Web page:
White has a secret. One he has shared with his family to no avail. When he meets the Prince of his dreams, he decides he can no longer live a lie, but in order to do so, he will have to face his worst nightmares.
Queerky Tales is a series of classic fairy tales retold with LGBT characters. Snow White & the Seven Angels is about fighting for your happy-ever-after, whatever shape it comes in.
Overall Rating: 5/10 stars
Matt’s Review: 3/5 Stars
This is short, simple and sweet. It’s definitely for younger readers, and in keeping with the simplistic fairytale style. It drifts far enough from the source material to stay interesting, but still stays familiar enough to get away with the intended questions and holes that fairy-tales create. (Because let’s face it, love them or loathe them, fairytales leave big plot holes!) There was no big surprise with the transgender aspect to the retelling, given Snow White’s whole magic mirror thing, but little things like having the mother rather than a stepmother, and the wobble between acceptance and rejection, was new and nice to see.
My biggest difficulty here was the language. It couldn’t decide whether it wanted to be like… Well a traditional fairytale, all olde worlde etc., or have a modern feel. It jumped very weirdly from dialogue like “the fairest in the land” to “if you’re gonna send her out into the world.” It was very hating and unfortunately really did affect the quality of the book. The editing and style needed to be a lot more consistent and tight to be enjoyable, and I think in this case, I’m leaning towards it should have been consistently antiquated.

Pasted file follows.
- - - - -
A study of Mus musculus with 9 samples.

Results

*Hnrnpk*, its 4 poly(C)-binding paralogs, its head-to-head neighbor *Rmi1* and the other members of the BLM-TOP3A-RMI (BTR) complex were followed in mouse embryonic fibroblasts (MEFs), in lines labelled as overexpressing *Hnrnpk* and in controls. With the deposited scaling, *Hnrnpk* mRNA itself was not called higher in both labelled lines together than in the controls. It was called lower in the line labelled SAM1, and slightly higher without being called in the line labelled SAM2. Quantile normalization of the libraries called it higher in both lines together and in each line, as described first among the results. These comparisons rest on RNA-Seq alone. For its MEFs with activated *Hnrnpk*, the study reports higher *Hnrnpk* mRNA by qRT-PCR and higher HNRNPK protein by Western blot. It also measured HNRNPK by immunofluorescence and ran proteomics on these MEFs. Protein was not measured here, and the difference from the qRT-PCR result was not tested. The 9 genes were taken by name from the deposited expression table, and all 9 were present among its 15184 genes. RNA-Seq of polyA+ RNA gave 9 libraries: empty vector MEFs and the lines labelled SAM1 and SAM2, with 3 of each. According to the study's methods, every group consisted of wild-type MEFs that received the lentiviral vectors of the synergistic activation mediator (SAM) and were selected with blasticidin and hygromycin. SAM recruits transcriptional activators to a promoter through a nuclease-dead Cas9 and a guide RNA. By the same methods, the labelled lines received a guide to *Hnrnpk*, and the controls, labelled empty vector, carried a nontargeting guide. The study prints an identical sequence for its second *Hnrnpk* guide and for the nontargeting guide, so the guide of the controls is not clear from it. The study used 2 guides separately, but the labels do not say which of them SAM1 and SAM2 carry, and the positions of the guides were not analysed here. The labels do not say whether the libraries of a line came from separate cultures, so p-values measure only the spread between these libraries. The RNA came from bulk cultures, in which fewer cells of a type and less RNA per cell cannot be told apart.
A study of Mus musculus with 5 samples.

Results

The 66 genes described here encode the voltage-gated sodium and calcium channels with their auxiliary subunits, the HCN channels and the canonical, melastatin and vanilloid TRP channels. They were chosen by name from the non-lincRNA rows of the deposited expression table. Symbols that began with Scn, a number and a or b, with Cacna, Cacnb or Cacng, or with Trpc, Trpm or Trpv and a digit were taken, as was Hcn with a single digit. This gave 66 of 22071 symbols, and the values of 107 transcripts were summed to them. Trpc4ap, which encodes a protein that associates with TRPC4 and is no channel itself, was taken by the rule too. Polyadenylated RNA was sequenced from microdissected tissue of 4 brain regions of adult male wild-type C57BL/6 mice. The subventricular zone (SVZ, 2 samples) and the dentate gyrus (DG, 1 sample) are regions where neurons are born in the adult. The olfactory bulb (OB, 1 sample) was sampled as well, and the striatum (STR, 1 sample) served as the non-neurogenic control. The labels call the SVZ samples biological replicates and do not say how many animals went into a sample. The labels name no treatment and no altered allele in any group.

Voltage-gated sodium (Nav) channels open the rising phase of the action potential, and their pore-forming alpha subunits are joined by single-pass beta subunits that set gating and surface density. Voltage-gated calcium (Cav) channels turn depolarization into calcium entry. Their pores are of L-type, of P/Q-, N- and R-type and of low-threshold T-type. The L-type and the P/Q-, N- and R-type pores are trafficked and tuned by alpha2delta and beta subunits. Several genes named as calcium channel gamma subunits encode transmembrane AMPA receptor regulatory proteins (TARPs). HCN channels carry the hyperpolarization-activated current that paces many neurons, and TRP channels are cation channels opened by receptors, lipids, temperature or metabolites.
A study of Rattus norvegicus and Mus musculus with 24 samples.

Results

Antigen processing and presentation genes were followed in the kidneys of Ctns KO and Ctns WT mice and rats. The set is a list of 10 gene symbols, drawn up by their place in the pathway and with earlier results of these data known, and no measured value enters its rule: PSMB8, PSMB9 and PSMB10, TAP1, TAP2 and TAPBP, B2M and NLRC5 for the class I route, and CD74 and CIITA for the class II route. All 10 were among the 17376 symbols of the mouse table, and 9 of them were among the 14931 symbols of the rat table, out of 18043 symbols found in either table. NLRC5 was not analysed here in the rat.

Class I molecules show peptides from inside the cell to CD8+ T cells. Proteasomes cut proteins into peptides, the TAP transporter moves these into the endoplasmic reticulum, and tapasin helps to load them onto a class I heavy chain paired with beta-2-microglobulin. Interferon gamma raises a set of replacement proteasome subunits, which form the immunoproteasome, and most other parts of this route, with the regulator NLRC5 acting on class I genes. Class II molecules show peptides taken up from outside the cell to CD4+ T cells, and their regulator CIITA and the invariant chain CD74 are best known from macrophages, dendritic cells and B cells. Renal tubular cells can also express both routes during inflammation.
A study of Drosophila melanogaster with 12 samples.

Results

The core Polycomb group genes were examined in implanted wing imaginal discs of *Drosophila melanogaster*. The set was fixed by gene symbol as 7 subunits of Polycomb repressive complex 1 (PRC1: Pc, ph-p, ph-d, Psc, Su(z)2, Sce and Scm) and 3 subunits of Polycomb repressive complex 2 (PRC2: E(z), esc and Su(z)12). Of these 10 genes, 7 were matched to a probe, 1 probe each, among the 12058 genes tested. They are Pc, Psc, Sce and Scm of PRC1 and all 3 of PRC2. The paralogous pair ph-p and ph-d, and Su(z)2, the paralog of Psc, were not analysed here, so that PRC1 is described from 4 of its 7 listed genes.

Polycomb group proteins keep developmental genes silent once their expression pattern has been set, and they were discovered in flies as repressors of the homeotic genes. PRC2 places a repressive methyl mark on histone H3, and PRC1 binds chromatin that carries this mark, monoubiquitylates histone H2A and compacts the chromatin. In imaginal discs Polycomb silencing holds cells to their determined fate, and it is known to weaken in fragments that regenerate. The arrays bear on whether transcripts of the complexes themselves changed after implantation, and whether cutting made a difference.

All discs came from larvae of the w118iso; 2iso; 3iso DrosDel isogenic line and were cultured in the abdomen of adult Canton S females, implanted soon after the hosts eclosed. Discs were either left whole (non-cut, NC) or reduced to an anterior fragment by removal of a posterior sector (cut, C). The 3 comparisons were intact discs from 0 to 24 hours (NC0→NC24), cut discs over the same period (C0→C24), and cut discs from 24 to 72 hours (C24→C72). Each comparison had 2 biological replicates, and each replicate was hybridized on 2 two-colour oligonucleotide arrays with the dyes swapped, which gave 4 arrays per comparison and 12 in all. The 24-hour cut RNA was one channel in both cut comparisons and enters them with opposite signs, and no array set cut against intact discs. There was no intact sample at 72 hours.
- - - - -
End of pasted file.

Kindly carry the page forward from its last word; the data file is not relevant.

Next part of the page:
For younger readers, it’s a sweet idea, an original twist to the Snow White story, and a quick little read, bit it does have quality issues with the style that sadly hit the experience.
Leigh’s Review: 2/5 Stars
I must admit, I have somehow gone my entire life without reading a fairy tale retelling, so this was my first experience reading one. This particular story is intended for audiences of all ages, so it’s written in a very simplistic manner. It’s the story of how White discovers herself, falls in love, is thrown out of her home when she comes out, and then goes on an epic quest to find an apple which will magically transform her body to match her identity.
I appreciate what the author was trying to do, and some parts worked—the beginning was cute, and I liked the narrative about White growing up and realizing she was a girl—but other parts felt like they were being awkwardly forced in an effort to write a clever spin. I think there was an attempt at having parts of Snow’s journey parallel a real life physical transition, or maybe I was reading into it too much, or maybe I’m not reading into it enough?
Either way, this is a very basic, juvenile retelling. Maybe it’d be all right for kids who aren’t going to examine it too closely.